Pastor has a new future – Rev. Smith is returning home to Oklahoma having left a big impression here

Rev. Jermey Smith

Rev. Jermey Smith

By Cary Shuman

The praise for Rev. Smith’s service to the church was universal. It was clear that this was a 29-year-old man who brought joy and spiritual energy to so many Winthrop residents during his three years of leadership at the church. Mr. Smith was appointed as pastor of First Church in 2006, following his three years of study and graduation from the Boston University School of Theology.

“Pastor Jeremy Smith brings renewed vitality and a sense of encompassing inclusivity into the church and he has really made First Church foremost in the community by opening up the building to all kinds of groups in the town,” said Wendy Millar-Page, a lifelong member of the church and district lay leader for the church in New England.

“His leaving is sad for a lot of the congregation,” added Millar-Page (who is not related to professional baseball player Kevin Millar). “His youth has lent a lot to the younger people here in town, feeling like they have a place to go and reflect in one another. But his new position represents a great opportunity for him. He’s going to a full-time pastorate in Oklahoma, and we’re excited for him.”

Eve Millar, church secretary, also lauded Rev. Smith’s contributions to the church and the community.

“He is truly going to be missed, not only in the church, but to everybody else in Winthrop or anybody he has been in contact with,” said Millar.

As he accepted wishes of good luck from his congregants, Rev. Smith talked about his service in Winthrop.

“Winthrop is a beautiful town – a beautiful community full of people,” said Rev. Smith. “It was a big change for this Oklahoman to live on the coast, but it’s a really good town, and I enjoyed every minute of it.”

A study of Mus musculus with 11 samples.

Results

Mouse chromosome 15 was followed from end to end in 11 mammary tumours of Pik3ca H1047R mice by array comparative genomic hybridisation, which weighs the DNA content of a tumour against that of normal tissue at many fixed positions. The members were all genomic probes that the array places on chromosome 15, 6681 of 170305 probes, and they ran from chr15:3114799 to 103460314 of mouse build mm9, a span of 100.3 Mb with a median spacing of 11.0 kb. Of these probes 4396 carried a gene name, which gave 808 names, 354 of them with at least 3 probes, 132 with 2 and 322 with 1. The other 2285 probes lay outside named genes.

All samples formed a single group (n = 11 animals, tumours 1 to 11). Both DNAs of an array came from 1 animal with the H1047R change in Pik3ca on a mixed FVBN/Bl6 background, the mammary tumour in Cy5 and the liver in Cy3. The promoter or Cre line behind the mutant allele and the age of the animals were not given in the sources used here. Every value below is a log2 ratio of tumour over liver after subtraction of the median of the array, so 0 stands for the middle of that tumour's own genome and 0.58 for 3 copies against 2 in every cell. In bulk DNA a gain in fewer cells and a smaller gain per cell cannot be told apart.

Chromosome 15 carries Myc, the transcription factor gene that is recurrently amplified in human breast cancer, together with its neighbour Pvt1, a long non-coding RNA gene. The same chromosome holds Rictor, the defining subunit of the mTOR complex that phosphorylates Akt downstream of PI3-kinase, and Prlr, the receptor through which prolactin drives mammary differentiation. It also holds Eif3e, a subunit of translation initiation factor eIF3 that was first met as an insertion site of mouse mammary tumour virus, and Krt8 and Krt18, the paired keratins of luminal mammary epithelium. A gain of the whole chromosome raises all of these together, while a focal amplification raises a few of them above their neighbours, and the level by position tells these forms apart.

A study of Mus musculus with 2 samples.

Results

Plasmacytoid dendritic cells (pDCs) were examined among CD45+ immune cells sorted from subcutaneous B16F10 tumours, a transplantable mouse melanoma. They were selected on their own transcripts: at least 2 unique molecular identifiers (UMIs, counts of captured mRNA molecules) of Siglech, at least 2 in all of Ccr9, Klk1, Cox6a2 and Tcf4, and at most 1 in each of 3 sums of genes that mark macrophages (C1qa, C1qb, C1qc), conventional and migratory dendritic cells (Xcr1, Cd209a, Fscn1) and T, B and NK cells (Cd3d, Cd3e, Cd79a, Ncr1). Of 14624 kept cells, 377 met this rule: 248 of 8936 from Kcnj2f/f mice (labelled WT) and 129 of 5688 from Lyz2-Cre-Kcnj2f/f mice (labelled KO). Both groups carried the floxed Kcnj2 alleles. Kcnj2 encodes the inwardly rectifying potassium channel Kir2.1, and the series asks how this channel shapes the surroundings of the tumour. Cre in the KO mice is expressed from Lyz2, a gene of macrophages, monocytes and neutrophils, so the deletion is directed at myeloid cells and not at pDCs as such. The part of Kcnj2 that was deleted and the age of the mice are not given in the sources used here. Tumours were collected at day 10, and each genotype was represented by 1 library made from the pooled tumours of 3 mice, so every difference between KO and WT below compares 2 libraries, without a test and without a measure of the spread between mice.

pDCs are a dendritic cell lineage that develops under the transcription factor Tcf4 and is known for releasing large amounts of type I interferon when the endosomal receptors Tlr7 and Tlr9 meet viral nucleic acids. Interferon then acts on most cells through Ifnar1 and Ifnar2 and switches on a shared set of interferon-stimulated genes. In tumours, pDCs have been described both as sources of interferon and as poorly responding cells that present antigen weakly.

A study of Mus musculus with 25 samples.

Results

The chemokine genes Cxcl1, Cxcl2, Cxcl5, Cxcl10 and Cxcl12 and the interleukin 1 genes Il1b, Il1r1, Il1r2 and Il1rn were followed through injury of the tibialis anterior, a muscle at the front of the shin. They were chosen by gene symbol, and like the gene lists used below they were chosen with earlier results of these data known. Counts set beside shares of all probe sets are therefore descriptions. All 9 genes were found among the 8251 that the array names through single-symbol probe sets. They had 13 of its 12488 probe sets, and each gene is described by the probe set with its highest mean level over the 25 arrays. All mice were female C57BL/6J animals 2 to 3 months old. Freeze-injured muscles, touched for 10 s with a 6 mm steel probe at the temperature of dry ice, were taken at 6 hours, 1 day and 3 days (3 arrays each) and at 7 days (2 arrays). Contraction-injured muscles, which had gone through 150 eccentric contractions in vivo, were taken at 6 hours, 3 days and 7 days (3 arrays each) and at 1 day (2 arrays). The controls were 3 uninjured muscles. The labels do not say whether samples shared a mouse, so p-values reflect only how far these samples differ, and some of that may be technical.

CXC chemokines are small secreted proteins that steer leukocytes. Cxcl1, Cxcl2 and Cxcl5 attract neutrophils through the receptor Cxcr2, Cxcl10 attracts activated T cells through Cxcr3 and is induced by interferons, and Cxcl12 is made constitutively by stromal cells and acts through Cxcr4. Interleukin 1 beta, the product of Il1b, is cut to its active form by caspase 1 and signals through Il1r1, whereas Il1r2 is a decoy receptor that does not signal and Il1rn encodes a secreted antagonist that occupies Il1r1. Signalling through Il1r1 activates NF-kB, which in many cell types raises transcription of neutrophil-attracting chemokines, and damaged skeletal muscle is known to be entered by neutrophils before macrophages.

Rev. Smith said he didn’t drive a lot, so he would often walk from his home near the Cottage Park Yacht Club through Winthrop Center and Metcalf Square.

“I would stop at people’s houses and businesses and I got to know a lot of people and I met business men and women through the Chamber of Commerce, and I got to meet a lot of people through the Cottage Park Yacht Club as well,” said Smith.

Rev. Smith delivered his final sermon Sunday morning at the church. “I gave the congregation a farewell speech, inviting them to remember – not to remember me or the particular things that I did, but remember how do we live together as a community, how do we take care of each other, how do we offer grace to each other – I don’t do therapeutic worship where you go to church, you feel good for a day and the rest of the week you feel terrible.

“I do life-giving worship with some deep lessons that give people something to get through the whole day,” said Rev. Smith. “Even though I’ve only been a pastor here for a short time, I know the lessons we’ve learned together will continue. They’re a faithful, grace-filled congregation with plenty of hospitality to go around to all the new faces who come to our church.”